The momentum behind New Zealand combat sports is set to continue with the latest edition of the premier fighting event hosted on Kiwi soil.

Fresh off Israel Adesanya’s UFC world title defence in Abu Dhabi last weekend, the King in the Ring returns with an eight-man lightweight division tournament in Auckland on Friday night.

The event, running since 2011, has helped put past winners on the international stage.

It has also been a pre-cursor to stardom for a couple of notable ex-champions, with both Adesanya and fellow City Kickboxing UFC star Dan Hooker having a King in the Ring title on their resume.

The thriving Auckland gym will again be represented at the knockout tournament, with David “Sanchai” Aung stepping up for a second crack in the event.

The Malaysia-born fighter, who moved to New Zealand a decade ago, said training alongside City Kickboxing’s six UFC fighters, and many other rising talents, was extremely motivating.

“You’re training with the best fighters in the world and you’re like ‘woah, I can keep up with them’.

“Plus, the way they put in work, their work ethic, you want to be on the same level.

“We’re always trying to be better than each other, and that’s how we get better [individually].”

Training alongside the best in the world, though, didn’t mean dealing with big egos.

City Kickboxing had become renowned for its team-first focus, and Adesanya, Brad Riddell, Kai Kara-France and Shane Young are all set to tune in to watch their team-mate from managed isolation in Auckland, having returned this week from Abu Dhabi.

Aung said, despite their success, the gym’s UFC contingent were very much just part of the wider CKB family.

“We’re all close friends. I can always rely on all those boys, and no matter how famous they are, they’re still getting crap.

“No matter how famous they are, that stays outside and everyone’s equal inside the gym.”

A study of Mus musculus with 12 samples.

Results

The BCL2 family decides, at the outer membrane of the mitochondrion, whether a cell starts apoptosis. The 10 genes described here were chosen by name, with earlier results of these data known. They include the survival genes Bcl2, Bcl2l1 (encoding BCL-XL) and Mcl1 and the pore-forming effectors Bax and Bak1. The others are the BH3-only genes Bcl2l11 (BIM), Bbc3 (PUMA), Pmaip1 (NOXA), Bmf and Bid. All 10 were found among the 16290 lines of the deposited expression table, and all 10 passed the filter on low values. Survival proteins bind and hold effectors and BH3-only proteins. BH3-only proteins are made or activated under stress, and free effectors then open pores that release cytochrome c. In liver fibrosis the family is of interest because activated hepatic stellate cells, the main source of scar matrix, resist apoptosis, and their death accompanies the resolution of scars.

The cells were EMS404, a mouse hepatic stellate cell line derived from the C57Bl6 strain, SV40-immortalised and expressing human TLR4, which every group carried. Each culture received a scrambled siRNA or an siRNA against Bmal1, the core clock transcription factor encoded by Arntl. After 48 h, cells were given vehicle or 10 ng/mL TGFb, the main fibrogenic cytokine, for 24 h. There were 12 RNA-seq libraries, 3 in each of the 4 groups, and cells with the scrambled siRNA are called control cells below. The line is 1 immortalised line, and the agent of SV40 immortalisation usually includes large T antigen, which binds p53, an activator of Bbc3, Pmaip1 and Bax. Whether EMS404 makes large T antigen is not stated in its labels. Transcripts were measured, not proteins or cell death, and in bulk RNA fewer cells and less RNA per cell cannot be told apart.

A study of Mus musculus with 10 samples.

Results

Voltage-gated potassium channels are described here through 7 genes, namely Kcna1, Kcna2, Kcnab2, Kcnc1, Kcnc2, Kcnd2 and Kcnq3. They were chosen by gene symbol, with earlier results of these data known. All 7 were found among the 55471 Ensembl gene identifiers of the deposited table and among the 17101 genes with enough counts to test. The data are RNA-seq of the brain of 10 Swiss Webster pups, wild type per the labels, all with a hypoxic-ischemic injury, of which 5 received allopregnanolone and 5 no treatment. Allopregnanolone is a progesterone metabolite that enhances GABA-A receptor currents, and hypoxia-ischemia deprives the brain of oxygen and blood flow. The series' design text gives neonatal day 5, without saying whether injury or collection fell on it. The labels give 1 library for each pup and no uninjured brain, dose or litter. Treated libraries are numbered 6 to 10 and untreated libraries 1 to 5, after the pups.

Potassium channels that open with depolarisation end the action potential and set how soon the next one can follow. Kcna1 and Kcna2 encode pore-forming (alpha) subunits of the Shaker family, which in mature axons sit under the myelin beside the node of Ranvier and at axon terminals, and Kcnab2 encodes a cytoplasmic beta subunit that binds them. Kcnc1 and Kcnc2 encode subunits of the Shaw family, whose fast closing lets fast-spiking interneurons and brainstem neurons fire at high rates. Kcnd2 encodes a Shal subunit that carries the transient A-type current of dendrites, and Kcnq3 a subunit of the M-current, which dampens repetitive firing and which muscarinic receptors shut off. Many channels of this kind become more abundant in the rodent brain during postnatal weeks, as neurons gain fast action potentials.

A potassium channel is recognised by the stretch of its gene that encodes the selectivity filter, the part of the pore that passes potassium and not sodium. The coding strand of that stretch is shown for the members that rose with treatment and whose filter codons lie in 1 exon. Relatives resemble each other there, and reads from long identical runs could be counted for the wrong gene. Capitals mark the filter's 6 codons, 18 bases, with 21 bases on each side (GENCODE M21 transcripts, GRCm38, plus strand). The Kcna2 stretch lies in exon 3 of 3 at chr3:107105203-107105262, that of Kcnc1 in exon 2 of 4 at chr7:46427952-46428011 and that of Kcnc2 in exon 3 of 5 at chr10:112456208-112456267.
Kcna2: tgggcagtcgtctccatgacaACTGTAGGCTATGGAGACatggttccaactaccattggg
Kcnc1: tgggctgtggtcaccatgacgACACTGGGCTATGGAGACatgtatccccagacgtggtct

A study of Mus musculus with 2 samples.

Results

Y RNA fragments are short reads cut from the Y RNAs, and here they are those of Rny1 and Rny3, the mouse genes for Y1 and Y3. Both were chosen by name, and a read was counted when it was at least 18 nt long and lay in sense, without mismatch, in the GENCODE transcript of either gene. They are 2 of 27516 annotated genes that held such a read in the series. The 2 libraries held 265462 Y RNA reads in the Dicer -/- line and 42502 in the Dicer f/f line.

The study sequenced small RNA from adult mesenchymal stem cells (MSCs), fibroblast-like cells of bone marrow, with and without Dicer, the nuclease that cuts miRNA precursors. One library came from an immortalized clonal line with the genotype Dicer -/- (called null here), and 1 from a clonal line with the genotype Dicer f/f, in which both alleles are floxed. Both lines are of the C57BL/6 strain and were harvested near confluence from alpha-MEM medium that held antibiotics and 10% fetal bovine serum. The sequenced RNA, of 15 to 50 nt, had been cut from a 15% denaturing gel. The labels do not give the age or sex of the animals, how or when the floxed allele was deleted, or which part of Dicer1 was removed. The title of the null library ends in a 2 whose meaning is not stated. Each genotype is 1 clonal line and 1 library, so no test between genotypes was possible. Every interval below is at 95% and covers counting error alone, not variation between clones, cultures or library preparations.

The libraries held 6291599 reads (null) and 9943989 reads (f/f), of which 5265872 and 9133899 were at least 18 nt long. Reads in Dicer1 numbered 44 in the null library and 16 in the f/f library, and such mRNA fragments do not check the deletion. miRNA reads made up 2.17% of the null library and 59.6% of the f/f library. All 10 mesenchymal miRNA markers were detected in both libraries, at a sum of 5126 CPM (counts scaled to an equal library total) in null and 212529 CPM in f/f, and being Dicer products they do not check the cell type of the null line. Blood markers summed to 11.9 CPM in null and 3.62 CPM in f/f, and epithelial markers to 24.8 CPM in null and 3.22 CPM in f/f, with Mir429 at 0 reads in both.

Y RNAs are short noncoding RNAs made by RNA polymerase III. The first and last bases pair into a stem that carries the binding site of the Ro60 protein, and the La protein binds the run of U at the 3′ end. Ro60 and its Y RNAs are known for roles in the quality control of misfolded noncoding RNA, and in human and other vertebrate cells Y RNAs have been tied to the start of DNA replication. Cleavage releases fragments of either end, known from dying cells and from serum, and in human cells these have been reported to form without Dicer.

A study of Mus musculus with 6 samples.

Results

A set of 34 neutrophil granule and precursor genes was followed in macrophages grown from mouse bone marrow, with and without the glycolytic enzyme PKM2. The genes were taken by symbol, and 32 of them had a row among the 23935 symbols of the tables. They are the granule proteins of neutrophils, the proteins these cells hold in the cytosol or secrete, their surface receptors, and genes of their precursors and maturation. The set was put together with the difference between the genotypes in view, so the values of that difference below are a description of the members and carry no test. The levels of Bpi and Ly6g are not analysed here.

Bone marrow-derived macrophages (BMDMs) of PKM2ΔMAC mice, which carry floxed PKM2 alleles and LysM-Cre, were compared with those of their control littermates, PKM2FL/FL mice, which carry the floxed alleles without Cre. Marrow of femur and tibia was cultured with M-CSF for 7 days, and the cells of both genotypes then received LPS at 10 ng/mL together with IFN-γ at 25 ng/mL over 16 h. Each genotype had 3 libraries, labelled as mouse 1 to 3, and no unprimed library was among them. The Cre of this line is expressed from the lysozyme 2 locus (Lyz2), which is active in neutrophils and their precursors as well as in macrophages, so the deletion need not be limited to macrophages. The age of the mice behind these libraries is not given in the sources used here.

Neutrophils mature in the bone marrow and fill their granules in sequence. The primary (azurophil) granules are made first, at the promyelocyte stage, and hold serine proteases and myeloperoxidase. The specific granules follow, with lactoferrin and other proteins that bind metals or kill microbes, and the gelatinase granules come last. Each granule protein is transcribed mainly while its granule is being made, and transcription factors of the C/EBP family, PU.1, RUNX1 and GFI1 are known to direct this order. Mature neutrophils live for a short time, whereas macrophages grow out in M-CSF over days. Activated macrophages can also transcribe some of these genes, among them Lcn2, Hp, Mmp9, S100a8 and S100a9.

Aung knows well that ability of martial arts as a leveler.

Nine months after arriving in New Zealand, the then wayward teenager walked into CKB to learn how to kickbox so he could bully people at school.

He quickly found out things weren’t going to be that way, and looking back acknowledges the gym has turned his life around.

“[It has] basically taught me to be a better fighter but also a better human, a better version of myself.

“You’re always developing and always getting better. There’s downhills and uphills, it’s a bumpy ride and I’m still learning [but] I’m definitely in a better place than I was 10 years ago.”

A place he hopes might lead to success on Friday night, although he knows he will have to be at his best.

Not only was reigning champion Nikora Lee-Kingi back to defend the title he won in 2018, fellow South Islander and 2018 runner-up Dominic Reed was also involved again, as well as several other talented contenders.

Having not fought since March, Aung was taking a carefree but confident approach to his second attempt to be crowned the King of the Ring.

“I’m very excited to showcase to my skills.

“I finally get to do it after a long wait, and I’ve just been upskilling the whole time, I didn’t stop.

“My only expectation is to showcase those skills and have fun. That’s enough to win the whole tournament.”